Thursday, January 15, 2009

Exchange Check Log Gen Checkpoint Depth

When a full backup occurs, Commvault uses APIs for exchange to inform the selected Exchange 2003 Mailbox server that a full backup is in progress. Exchange takes note of this instruction and begins queuing log files and not committing any transactions to the databases. Although backups are done at the storage group level, Commvault actually only backs up one store within the storage group at any given time. During this backup process, the logs are generated but not committed to the databases. This is where the Log Gen Checkpoint Depth is measured. It is the performance counter that reports the number of uncommitted transaction log files. That’s only uncommitted log files.

If a backup is not occurring, the checkpoint depth should remain around 2 or slightly higher but no more than that. If you’re consistenly seeing reports of high checkpoint depths, there are possibly other issues at hand.

If the transation log file depth reaches a hardcoded number of 1000, ESE (Extensible Storage Engine) dismounts all the stores in the respective storage group as a safety measure.

Since Commvault backs up one database at a time, exchange is able to commit any uncommitted transaction log files to all the databases before commvault begins backing up the next database. This is the point where the Log Generation Checkpoint Depth will drop and also give an indication that a store backup is complete.

You can monitor this value constantly and simply execute a script that kills all backup jobs in progress on the client server when a critical depth (801) has been reached.

If you’re interested in determining the current Log Gen Checkpoint Depth for a server, you can use Perfmon to find the answer.

Conveniently, Microsoft provides you with may perfmon counters for Exchange 2003. You can start perfmon by doing the following:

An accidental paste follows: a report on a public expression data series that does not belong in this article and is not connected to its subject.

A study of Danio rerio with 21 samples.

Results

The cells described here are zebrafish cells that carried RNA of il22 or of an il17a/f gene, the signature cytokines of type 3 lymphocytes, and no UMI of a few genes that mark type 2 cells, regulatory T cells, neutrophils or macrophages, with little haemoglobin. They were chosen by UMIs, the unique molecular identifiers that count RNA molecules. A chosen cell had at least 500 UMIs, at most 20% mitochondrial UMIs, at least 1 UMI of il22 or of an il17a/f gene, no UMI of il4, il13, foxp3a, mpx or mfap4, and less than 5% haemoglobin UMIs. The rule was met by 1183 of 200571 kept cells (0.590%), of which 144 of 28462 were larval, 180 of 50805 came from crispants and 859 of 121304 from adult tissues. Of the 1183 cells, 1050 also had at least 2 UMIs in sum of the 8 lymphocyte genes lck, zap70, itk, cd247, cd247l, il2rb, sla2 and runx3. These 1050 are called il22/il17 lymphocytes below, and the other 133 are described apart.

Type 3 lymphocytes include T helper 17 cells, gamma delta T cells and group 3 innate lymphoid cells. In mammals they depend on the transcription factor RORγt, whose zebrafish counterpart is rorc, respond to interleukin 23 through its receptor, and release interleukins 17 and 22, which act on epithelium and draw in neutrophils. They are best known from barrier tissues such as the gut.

Start -> Run -> Perfmon -> OK

To add more counters click the + (plus) button on the window and select the appropriate Object and Counter.

For the Log Gen Checkpoint Depth, find the “Database --> Instances” performance object and select “Log Generation Checkpoint Depth” from the counter list below. On the right, you will be shown all the available instances for that particular counter. In this case, you’re looking for the names of your Storage Groups.

Click “Add” and watch your new counters.

Change the graph type around to what suits you best. Don’t forget to take the “Scale” value into consideration.

For example: if the checkpoint depth for a SG is currently 12 and the scale is 10.000, your graph will display “120”. If your graph’s vertical scale is set to 100, the graph can be very misleading. Hence, its more important to focus on the actual values being displayed. Those are Last, Average, Minimum, Maximum, and Duration.

1 comment:

JB said...

We're running into a situation where Commvault is unable to complete it's backup before the number of uncommitted log files reaches 1000, at which point, of course, the store shuts down. I don't administer the backups, but I can only assume that the backup job is ruin as well when that happens.